Won in translation! Bruno Schulz’s Collected Stories picks up top gong at prestigious literary translation awards
An English-language edition of Bruno Schulz’s “Collected Stories” has won this year’s Found in Translation Award organised by Polish cultural institutions.
Born in Drohobych, in what is now Ukraine, in 1892, Schulz was a Polish Jewish writer who was one of the great Polish-language writers of the past century.
His works include the collection of short stories “Cinnamon Shops” and the novel “Sanatorium Under the Sign of the Hourglass”.
His literary career was cut short by the Second World War. When Nazi troops moved into Drohobych, he was forced into the newly-created ghetto. He was shot dead by a Gestapo officer while walking home with a loaf of bread in 1942.
The “Collected Stories” published by Northwestern University Press in 2018 bring together all of Schulz’s published stories, including four additional stories that were not in either of his collections.
“The stories exist as standalone texts yet all contribute to Schulz’s mythic vision of provincial, Galician Poland: a landscape of overlapping languages and cultures that today, exist as traces,” stated the Polish Book Institute, one of the organisers of the award, on its website.
The translator, Madeline G. Levine, has extensive experience translating from Polish into English, including Miron Białoszewski’s A Memoir of the Warsaw Uprising and Czeslaw Miłosz’s Beginning with My Streets: Essays and Recollections. She holds a PhD from Harvard University and is currently Kenan Professor of Slavic Literatures Emerita at the University of North Carolina, Chapel Hill.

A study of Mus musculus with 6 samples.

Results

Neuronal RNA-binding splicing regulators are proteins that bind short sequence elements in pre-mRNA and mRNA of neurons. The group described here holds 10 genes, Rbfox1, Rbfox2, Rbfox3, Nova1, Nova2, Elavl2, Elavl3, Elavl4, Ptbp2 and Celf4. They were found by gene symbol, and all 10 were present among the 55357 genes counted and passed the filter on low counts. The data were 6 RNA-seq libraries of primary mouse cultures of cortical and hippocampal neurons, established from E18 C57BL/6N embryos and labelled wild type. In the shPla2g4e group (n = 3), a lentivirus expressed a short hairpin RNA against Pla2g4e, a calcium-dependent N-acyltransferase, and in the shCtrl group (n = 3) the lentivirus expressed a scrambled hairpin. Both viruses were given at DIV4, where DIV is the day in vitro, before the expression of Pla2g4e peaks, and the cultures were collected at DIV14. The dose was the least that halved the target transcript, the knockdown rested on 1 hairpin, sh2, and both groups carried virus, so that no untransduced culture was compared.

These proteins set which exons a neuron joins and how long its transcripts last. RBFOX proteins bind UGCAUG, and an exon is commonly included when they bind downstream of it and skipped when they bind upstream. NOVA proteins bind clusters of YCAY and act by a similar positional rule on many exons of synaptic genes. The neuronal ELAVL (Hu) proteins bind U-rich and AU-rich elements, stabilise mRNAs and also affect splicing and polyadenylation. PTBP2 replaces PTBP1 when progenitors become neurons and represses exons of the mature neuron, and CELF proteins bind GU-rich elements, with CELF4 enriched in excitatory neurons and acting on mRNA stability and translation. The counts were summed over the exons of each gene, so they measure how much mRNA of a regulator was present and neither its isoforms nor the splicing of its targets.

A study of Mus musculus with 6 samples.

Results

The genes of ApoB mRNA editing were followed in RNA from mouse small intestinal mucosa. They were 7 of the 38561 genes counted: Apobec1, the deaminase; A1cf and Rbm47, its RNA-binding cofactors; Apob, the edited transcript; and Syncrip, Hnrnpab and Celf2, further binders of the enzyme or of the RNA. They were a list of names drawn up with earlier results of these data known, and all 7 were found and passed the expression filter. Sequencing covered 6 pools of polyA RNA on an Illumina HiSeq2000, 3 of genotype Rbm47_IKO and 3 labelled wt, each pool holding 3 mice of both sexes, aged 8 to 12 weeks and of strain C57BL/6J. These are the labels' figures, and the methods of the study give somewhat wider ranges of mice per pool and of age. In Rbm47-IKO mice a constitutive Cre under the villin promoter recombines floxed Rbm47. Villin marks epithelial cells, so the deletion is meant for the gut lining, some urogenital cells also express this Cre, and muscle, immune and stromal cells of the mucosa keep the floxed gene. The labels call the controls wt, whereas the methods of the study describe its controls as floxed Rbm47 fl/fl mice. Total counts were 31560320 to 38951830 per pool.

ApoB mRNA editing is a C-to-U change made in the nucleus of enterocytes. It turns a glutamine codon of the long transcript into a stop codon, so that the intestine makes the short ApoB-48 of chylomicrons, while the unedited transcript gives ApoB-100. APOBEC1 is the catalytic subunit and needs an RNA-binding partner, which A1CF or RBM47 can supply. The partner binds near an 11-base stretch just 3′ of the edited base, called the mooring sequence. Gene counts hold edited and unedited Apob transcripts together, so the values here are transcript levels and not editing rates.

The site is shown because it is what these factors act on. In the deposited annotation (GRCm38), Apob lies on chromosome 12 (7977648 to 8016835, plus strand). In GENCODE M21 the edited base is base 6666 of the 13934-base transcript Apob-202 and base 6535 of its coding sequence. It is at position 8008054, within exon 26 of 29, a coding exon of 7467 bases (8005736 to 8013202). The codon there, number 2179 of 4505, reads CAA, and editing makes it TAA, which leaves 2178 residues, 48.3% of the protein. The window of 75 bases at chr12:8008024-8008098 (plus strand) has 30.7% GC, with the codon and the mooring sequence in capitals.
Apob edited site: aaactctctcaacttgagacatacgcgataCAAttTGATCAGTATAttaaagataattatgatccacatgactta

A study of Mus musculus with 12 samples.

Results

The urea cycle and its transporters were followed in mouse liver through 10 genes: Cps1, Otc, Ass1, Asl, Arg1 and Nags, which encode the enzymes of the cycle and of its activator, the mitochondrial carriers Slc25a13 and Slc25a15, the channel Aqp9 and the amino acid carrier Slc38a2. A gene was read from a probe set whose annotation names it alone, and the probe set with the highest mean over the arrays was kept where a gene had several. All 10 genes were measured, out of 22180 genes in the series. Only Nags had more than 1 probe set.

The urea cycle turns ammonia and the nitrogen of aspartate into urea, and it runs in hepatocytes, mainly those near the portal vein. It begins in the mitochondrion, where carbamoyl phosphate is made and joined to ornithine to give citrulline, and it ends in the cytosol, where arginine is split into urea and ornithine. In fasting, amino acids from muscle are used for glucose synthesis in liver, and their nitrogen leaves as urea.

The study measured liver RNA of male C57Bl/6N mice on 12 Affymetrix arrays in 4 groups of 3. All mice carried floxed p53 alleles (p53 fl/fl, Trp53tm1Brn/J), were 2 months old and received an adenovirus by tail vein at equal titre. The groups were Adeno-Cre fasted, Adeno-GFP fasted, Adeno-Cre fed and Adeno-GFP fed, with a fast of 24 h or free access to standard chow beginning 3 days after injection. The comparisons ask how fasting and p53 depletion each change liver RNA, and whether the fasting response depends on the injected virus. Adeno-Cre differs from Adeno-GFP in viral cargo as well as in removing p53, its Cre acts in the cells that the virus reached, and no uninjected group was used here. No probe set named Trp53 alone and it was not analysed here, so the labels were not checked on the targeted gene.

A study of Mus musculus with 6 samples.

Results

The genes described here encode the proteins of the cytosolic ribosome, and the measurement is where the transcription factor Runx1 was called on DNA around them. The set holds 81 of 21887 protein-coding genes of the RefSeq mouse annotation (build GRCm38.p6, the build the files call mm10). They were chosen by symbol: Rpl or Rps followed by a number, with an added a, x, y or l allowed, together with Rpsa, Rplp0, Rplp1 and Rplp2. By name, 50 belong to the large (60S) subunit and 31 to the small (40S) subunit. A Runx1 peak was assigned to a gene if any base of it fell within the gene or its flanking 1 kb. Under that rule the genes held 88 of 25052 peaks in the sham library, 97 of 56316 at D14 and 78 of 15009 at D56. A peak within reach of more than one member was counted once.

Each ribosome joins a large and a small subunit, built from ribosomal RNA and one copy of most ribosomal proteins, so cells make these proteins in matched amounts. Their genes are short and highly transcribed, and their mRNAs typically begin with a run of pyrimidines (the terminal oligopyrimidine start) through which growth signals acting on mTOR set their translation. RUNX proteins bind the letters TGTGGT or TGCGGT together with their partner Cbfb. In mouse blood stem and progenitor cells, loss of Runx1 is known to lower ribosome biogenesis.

“The jury chose to recognize Levine’s translation for its natural fluency and fidelity to the rare and often elusive complexity of Schulz’s prose,” the Polish Book Institute noted.
“The translator managed to balance knowledge of Schulz’s work in the broader Polish literary context with the requirements of English readers” it added.
Launched in 2008, the award has been organised annually by the Polish Book Institute, the Polish Cultural Institute in London, and the Polish Cultural Institute in New York.
Last year, it was won by Jennifer Croft for Flights by Olga Tokarczuk.
The previous prize-winning translations include works by celebrated Polish authors such as Hanna Krall, Tadeusz Różewicz, Wisława Szymborska and Witold Gombrowicz.
In addition to a cash prize, the award includes a one-month residency in Kraków.